The vast brickwork once held hundreds of workers here back in the heyday of british industry. Festooned on its castle like roof were an array of antennae and I could make out in the mist a sangar look out. No doubt I’d be spending a numrber of hours in there.
We passed a load of guys who sniped the odd comment at us. One they had that we didn’t have, and that was grins. They began to run and mounted the back of the Chinook we’d just walked off. We were their relief and they were more than happy to see us.
The tarmacced road to the Mill took us past a Lynx, a Wessex and behind us I could hear the rotor blades of an incoming Helicopter. The Mill would get nicknamed ‘The Battlestar Galactica’ by the pilots who flew in regularly. The lynx didn’t look large enough to carry a section, but it was more than capable of doing that.
At the top of the bank we reached Derrymore Road and into the Mill itself. The large iron gates were opened up for our group. Inside were garages, a gym, a cookhouse to the left and other places we wouldn’t normally walk in to – there were areas near the carpet sangar that were untouched.
The rooms we were given were tiny. A brick was assigned a room. Each room had a bunkbed and we’d form a routine in these tiny four walls.
I’d best cover this first, in that I was the Team Commander’s nightmare. To put it bluntly I didn’t have a fucking clue what was going on and was as much a danger to myself as I was to the rest of the team. In my defence I was young, 18 and naive, immature and had a lot to learn. In that tour alone I went through 3 teams. The first team was led by a guy called Rossy, the other team members were Cuz and Dinga. Rossy was a guy whose temper frayed whenever I went out on patrol with them. I can see how this affected him – it must have been traumatic. Cuz was a no shit, sort of guy and wouldn’t hesitate to give you a dig (punch) if you needed it (which I did on many occasions). Dinga was tall, and quiet – I thought he was a decent bloke. I thought they all were, after all we were just trying to get through the tour without any injuries.
I remember we had to do an overview on a Video Hire shop. We had to go slightly covert on the patrol. Something was going down and we were to be prepared for anything. I decided to write a final letter home. I put the letter in my chest webbing.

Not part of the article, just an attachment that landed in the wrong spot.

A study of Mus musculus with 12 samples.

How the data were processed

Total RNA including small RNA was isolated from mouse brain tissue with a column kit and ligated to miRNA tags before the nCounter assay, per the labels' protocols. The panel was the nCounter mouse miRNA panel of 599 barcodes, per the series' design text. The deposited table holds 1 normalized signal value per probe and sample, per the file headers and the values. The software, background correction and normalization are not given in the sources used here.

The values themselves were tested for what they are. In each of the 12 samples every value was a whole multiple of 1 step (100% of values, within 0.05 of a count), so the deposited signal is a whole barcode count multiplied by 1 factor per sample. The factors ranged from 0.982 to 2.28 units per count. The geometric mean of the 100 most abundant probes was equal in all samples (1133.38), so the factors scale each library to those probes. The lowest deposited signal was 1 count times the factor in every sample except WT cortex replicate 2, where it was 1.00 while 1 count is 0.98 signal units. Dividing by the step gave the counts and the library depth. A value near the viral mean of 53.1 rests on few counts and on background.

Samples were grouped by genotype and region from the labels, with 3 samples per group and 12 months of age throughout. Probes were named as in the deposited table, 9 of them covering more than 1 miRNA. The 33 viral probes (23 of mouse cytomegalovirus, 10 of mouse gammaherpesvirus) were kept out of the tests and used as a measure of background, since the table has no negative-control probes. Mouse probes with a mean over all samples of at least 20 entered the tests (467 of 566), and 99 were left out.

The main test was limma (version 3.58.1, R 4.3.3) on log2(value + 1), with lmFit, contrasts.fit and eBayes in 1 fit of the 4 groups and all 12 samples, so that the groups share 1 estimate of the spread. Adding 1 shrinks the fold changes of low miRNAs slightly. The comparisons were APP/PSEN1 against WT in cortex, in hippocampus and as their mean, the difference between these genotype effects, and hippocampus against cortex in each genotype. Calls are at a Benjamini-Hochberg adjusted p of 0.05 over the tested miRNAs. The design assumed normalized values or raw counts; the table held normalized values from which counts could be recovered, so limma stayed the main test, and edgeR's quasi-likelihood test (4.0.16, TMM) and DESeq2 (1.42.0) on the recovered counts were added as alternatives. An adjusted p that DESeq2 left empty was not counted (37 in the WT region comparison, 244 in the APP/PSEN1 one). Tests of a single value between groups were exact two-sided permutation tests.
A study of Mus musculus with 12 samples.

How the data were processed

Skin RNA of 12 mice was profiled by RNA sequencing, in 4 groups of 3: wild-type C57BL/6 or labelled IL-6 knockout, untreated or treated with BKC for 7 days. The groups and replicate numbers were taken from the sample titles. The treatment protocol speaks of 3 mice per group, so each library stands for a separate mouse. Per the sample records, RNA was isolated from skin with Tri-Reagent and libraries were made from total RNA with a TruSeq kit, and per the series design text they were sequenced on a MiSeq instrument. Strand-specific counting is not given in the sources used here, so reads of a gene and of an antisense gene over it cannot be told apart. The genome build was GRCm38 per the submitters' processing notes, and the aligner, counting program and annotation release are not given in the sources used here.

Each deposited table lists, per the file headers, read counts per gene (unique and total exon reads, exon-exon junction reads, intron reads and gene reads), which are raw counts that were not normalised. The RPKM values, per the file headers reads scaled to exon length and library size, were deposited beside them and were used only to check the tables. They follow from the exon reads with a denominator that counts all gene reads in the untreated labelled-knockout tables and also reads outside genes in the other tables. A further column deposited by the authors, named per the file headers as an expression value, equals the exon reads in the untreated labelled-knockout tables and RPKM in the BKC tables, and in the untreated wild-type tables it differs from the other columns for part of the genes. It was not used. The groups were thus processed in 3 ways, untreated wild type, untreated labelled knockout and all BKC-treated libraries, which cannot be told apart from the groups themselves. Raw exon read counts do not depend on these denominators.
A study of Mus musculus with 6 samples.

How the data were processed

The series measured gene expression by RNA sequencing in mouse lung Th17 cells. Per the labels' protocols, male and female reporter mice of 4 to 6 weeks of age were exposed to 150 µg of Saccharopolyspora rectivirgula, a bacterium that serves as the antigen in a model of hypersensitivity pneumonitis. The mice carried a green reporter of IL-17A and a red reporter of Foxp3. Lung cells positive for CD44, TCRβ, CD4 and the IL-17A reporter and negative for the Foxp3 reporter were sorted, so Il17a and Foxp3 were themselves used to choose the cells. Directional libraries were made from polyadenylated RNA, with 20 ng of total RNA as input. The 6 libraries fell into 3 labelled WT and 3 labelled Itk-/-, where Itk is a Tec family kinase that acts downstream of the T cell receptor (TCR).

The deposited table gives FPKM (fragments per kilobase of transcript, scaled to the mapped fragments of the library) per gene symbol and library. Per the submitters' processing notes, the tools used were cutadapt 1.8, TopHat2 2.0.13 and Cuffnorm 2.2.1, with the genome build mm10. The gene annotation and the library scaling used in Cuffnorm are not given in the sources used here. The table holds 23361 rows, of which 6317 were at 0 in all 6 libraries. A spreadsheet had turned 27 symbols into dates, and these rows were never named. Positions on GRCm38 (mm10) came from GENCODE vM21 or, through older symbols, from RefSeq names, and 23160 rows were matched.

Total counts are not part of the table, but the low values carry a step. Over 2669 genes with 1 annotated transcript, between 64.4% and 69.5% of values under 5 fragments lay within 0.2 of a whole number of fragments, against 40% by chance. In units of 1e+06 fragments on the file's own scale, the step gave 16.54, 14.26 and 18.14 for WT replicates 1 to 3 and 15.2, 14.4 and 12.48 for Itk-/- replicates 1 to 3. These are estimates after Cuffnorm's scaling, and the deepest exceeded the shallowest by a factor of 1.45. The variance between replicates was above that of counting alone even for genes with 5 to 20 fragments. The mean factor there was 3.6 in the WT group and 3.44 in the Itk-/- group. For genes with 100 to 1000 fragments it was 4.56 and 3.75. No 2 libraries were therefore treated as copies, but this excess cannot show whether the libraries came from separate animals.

The chest webbing was an additional item of clothing we were told would be beneficial to have. It wasn’t bought for us, but we were told to get them anyhow. I’m sure somebody was making a killing out of this. The chest rig had about six pouches with a large map case. The two outer pouches were large enough to put a water bottle in there or a first field dressing or two in there. We could also strap on other items such as the VJ (ECM) on the front strap. Another item we’d put on the front strap was a plasticuff and we’d slot our Magnum Torches in there (Urban – Belfast tours).
I think we were deployed by CMV (Civilian Military Vehicle) on this little task. We were about a kilometre from the target and had to make our way to the overview point. It was pitch black and maps had to be read using a radioactive green light source (I think it was called Betalight – as in it’s a Beta Radioactive source). This didn’t give off much light to harm our night vision.
I remember climbing through a fenceline and Rossy grabbed me. “What the fuck’s this!!? Eh?” He held a green scarf in his hand. It was mine – it must have come off me as I passed through a previous thicket. He pushed it into me and I put it away. I could see in the darkness the others looking at me.
We made it to the Lay Up Point and we sat there for an hour. Nothing occurred over this period, but I remember feeling or the letter and it was still there in my map pouch.
My Bergen lay by my side, the grassy floor beneath me felt soft and warm. A light breeze hit me square on in the face and hints of rain began to spray us. My helmet would push down over my eyes if I lay prone, so I’d have to push it back. The camouflage cream would stick to the straps and that would be sticky and cold in the evening.
I felt the plastic grip of the rifle and my finger rested on the trigger. It wasn’t cocked, but I squeezed the trigger all the same and kept the safety catch on. On the horizon, lights in the darkness marked the town of Newry. To the left I could see the red lights of Bessbrook, or was it a Romeo tower?